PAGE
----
Very early on in my prolific career as a wedding guest I told my friends that I’d never go to an ‘abroad’ hen do – and I’d rather just say so now than come up with elaborate excuses whenever I received an email with the subject line ‘IBIZA CLUCK CLUCK!’
My frugal stance worked both ways: I wanted my hen to be a one-night-wonder in London – where we all lived – and felt it should cost £100 per head, all in.
To be clear, there is nothing I love more than a wedding and its related celebrations, but I have also always found them low-key stressful because of the inevitable expense involved (hen, travel, hotels, gifts), which is completely incompatible with my salary.
So I can relate to new research commissioned by SpareRoom, which reveals over a quarter of young people would rather miss out on a wedding, stag or hen do than face the financial anxiety caused by going.
This is thought to be down to the cost of living crisis, which in May saw some 88% of adults report an increase in their cost of living, with 44% admitting to buying less food than previously.
Pre-pandemic statistics found that guests paid an average of £391 each to attend a wedding.
Compounding the problem is that this summer is set to be wedding season on steroids as a backlog of couples can now marry without restrictions.
And now, if you believe everything you see online, you’ll know the norm is week-long benders in Las Vegas or Ibizan getaways involving private chefs. Some 25% of UK couples will pick an overseas wedding.
I binged on the social media coverage of the Dolce & Gabbana-sponsored nuptials of Kourtney Kardashian and Travis Barker earlier this year in Positano, Italy, knowing it would further a pervasive belief that weddings must be big, exotic and extremely post-worthy.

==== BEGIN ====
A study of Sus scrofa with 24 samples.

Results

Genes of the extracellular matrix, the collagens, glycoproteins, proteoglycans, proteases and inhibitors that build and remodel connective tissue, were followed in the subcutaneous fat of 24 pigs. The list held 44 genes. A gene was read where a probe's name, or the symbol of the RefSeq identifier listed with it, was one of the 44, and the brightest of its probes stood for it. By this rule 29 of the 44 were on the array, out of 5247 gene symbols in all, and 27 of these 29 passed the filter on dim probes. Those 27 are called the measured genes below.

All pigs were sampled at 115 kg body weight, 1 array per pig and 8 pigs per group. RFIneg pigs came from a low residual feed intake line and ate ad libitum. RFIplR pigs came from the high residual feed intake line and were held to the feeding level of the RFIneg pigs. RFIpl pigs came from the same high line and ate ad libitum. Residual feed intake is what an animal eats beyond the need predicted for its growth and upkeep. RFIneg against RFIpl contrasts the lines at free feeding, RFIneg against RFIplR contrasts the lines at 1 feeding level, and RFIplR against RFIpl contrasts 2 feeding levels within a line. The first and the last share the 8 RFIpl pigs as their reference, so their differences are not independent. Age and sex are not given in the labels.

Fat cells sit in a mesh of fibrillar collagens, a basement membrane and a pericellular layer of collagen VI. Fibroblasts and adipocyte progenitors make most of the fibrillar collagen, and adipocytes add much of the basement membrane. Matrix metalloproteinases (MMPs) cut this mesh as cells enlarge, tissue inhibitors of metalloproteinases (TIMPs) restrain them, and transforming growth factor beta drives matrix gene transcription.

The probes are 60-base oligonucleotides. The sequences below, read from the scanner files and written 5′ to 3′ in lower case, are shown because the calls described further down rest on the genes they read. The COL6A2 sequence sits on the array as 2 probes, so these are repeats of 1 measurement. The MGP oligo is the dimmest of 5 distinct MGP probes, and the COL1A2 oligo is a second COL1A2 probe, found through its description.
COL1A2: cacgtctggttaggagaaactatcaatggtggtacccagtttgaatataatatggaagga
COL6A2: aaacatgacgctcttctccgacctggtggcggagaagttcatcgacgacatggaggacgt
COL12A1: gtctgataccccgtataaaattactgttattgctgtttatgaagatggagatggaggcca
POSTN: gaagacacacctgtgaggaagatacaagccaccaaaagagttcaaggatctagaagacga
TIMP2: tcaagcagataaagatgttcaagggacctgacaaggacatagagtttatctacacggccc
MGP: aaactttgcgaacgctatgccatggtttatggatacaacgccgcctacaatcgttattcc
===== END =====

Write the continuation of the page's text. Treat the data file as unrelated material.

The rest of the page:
I’ve long felt a pressure to wear new clothes to weddings and if I sound miserly, I’m not alone. Mumsnet is a mouthpiece for many disgruntled by pressures to prove their support for a marriage by forking out.
Tales of people being demoted from bridesmaid duties because they couldn’t afford a spa weekend in a rural hotel or taking out credit cards to avoid admitting they don’t have the readies for a flight to Mykonos are rife.
I’m not suggesting it’s selfish to marry abroad. Two of my best friends had destination weddings and I was delighted to go – partly because I knew if I couldn’t have gone because of money, they would have understood.
But there are people who believe their pals should just suck up whatever costs are thrown at them. This reeks of entitled Main Character Energy.
However, if hosts are required to be understanding, guests have a duty to be honest. So if you can’t afford something say so immediately and firmly.
Perhaps these more financially restrictive times could bring about a renewed sense of perspective on what friendship and marriage is all about.